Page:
Jacqueline MacInnes Wood and good looking friend outrun death in Final Destination 5.
Final Destination 5 is a chronicle of carnage in which a group of good looking young people die in the most terrible ways imaginable, usually preceded by the telltale line, “Something’s wrong!”
For example, a gymnast earns a 9.5 from the Splatterville judge and star Jacqueline MacInnes Wood succumbs to laser surgery gone horribly wrong. It’s the kind of movie which makes audiences shout, “No, you didn’t!” and “Awwwwwww! I can never un-see that!” usually while laughing and having a gruesome good time.
This week I asked Wood why people would pay money to go see her movie.
“We’re all twisted,” she said. “That’s the answer.”
Others have different ideas. In his excellent book Shock Value author Jason Zinoman suggests that one of the pleasures of getting scared at the movies is “that it focuses the mind.” He uses the example of a baby being born. “Try to imagine the shock of one world running into another,” he writes. “Nothing is familiar and the slightest detail registers as shockingly new. Think of the futility of trying to process what is going on. No wonder they scream.
“Overwhelming terror,” he continues, “may be the closest we ever get to the feeling of being born.”
Whether it’s as deep seated as that or not, there is no denying that terror is a primal feeling. It's part of our DNA but, counterintuitively, it isn’t horrible when experienced at the movies. As Eduardo Andrade and Joel B. Cohen said in a study published in the Journal of Consumer Research, "the most pleasant moments of a particular event may also be the most fearful."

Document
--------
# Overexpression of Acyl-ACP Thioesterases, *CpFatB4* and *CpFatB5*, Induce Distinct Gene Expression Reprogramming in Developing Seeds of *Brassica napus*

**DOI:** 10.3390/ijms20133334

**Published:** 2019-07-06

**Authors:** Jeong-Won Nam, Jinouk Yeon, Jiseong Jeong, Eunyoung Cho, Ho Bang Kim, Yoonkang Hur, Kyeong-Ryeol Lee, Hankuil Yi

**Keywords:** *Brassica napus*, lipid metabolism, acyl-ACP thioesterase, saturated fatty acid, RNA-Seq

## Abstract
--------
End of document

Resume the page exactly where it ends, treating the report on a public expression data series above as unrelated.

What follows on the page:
A Saturday matinee screening of Paranormal Activity was the first and only time I ever heard anyone actually scream in a theater. I don’t mean a quiet whimper followed by an embarrassed laugh or a frightened little squeal. No, I mean a full-on, open-throated howl of terror. But the woman didn’t run from the theater. She stayed and enjoyed the rest of the film, so she must have liked the cathartic release of tension the scream gave her.
Alfred Hitchcock knew how to scare the wits out of people. The shower scene in Psycho, for example, is a benchmark in cinematic fear. If he had any doubts about the effectiveness of that sequence they must have been put to bed when he received an angry letter from a father whose daughter stopped bathing after seeing the bathtub murder scene in Les Diaboliques and then, more distressingly, refused to shower after seeing Psycho. Hitch’s response to the concerned dad? “Send her to the dry cleaners.”
The director was always quick with a line, but when it got down to the business of terrifying audiences he summed up the appeal of the scary movie in one brief sentence: “People like to be scared when they feel safe.”